Mid-October is here, and with it, lovely fall colors are on display across the nation. Although the country continues to battle the pandemic and deal with sundry other issues, it’s always important to remember that nature continues its yearly journey through the seasons, and we should all remember to stop and take time to appreciate the beauty around us. I hope you will! It was an extremely busy week in the regulatory world for a change, with plenty of action on multiple fronts. Let’s dive right in:
The agency is announcing the withdrawal of three guidance documents entitled
- ‘‘Temporary Policy for Preparation of Certain Alcohol-Based Hand Sanitizer Products During the Public Health Emergency (COVID–19),’’
- ‘‘Policy for Temporary Compounding of Certain Alcohol-Based Hand Sanitizer Products During the Public Health Emergency,’’
- ‘‘Temporary Policy for Manufacture of Alcohol for Incorporation Into Alcohol-Based Hand Sanitizer Products During the Public Health Emergency (COVID–19)”
These were issued in March 2020 and updated March 27, 2020, April 15, 2020, June 1, 2020, August 7, 2020, and February 10, 2021. FDA is withdrawing these three guidance documents because current data indicate that consumers and healthcare personnel are no longer experiencing difficulties accessing alcohol-based hand sanitizer products, and these temporary policies are no longer needed to help meet demand for alcohol-based hand sanitizer products or for alcohol for use in alcohol-based hand sanitizer. The withdrawal date for the three guidance’s is December 31, 2021. See the link here.
The agency has issued a final rule that amends its regulations by making technical corrections throughout the Federal Motor Carrier Safety Regulations (FMCSRs). The Agency makes minor changes to correct inadvertent errors and omissions, remove or update obsolete references, and improve the clarity and consistency of certain regulatory provisions. The Agency also makes nondiscretionary, ministerial changes that merely align regulatory requirements with the underlying statutory authority. Finally, FMCSA adds two new provisions for transparency relating to agency management and to FMCSA’s rules of organization, procedures, or practice, and makes corresponding changes to definitions, addresses, and employee titles throughout the FMCSRs. This final rule is effective October 14, 2021.
The agency has also issued an ICR related to its Commercial Driver Medical Qualification Program. This program is intended to assure that those drivers holding commercial licenses meet certain basic health and safety qualifications. See the ICR here.
U.S. Coast Guard
The service will hold a virtual meeting of its safety advisory committee on November 2nd. The committee assists the Coast Guard in maintaining and updating its regulations governing the marine transport of hazardous materials. Follow this link to learn more.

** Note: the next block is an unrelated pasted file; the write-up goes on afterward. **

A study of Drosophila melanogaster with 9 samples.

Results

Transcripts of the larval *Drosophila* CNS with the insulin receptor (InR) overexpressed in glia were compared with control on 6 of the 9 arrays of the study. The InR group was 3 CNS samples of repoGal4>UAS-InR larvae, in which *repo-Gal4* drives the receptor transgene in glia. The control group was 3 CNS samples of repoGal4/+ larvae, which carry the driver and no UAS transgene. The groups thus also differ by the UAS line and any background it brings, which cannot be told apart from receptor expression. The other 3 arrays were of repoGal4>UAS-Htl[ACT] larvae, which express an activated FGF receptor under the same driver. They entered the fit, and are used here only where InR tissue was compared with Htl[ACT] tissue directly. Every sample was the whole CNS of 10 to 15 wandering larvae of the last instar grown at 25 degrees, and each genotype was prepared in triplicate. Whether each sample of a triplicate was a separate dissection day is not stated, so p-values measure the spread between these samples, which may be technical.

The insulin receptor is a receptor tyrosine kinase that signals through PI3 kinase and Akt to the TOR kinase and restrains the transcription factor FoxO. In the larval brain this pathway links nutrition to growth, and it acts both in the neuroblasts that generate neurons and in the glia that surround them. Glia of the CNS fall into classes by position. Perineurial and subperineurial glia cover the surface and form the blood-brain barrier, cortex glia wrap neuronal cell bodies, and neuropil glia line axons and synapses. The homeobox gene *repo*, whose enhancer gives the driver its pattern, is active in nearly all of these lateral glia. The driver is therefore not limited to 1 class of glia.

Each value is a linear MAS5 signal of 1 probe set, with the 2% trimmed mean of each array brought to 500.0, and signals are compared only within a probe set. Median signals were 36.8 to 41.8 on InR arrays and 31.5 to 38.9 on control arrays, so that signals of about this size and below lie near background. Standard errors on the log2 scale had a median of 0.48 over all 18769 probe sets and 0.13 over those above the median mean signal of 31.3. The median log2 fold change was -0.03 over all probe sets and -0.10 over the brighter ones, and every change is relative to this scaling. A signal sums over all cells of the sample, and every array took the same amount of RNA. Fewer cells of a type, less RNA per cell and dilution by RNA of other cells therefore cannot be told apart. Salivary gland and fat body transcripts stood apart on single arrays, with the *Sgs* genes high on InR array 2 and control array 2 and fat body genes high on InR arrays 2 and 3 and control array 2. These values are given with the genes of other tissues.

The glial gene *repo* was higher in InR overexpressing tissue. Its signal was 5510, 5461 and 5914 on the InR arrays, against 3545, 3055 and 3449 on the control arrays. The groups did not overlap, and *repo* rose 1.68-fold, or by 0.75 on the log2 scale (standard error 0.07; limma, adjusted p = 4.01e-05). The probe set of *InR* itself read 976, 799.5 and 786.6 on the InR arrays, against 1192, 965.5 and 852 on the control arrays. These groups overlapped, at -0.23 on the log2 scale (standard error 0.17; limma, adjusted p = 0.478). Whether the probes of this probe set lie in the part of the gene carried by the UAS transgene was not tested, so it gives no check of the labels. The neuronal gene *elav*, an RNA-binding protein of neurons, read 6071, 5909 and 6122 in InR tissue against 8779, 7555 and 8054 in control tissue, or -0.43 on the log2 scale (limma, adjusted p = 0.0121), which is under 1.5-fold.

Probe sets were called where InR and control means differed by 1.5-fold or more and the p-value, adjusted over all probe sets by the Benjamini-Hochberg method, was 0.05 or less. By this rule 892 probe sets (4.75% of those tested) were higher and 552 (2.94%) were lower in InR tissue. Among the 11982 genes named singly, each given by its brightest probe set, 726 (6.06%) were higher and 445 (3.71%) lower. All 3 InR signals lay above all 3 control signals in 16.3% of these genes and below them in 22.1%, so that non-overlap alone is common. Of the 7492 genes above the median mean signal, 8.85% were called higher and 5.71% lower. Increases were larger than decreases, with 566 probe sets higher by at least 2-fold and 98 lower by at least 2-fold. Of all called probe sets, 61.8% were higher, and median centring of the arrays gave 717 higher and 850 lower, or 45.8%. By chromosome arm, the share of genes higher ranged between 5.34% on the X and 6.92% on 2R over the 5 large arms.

The service also announced it is adjusting its fee schedule for civil penalties levied for violations of its applicable regulations, including any related to hazardous materials. See the fee adjustments here.
The agency announced it is adjusting its fee schedule for civil penalties levied for violations of its applicable regulations, including any related to hazardous materials. See the fee adjustments here.
The agency is proposing to add twelve chemicals to its community right to know program. This program requires companies manufacturing, using, or handling such chemicals at certain thresholds to report their presence to federal, state, and local authorities so that in case of emergency, first responders and other agencies have foreknowledge of their presence and can respond accordingly. The newly proposed additions are:
• Dibutyltin dichloride; 683–18–1
• 1,3-Dichloro-2-propanol; 96–23–1
• Formamide; 75–12–7
• 1,3,4,6,7,8-Hexahydro-4,6,6,7,8,8- hexamethylcyclopenta[g]-2- benzopyran; 1222–05–5
• N-Hydroxyethylethylenediamine; 111–41–1
• Nitrilotriacetic acid trisodium salt; 5064–31–3 • p-(1,1,3,3-Tetramethylbutyl)phenol; 140–66–9
• 1,2,3-Trichlorobenzene; 87–61–6
• Triglycidyl isocyanurate; 2451–62–9
• Tris(2-chloroethyl) phosphate; 115– 96–8
• Tris(1,3-dichloro-2-propyl) phosphate; 13674–87–8
• Tris(dimethylphenol) phosphate; 25155–23–1
EPA has determined that each of these chemicals have production and use levels that would result in TRI reports being filed. For further specific information, see the link.
Our northern neighbor’s analog to PHMSA has issued a proposed revision to its standards for aerosol containers. The Canadian General Standards Board (CGSB) has released the final draft of Safety Standard CAN/CGSB-43.123 for a 60-day consultation period. This standard is incorporated by reference within the Transportation of Dangerous Goods Regulations (TDG Regulations) and the new edition will come into force once published with a six-month phase-in (transitional) period. Safety standard CAN/CGSB-43.123 sets out the requirements for designing, manufacturing, testing, selecting and using aerosol containers and gas cartridges. The standard also lays out the requirements for the transport of aerosol containers and gas cartridges intended for disposal or recycling. See the full details and how to participate in the comment period here.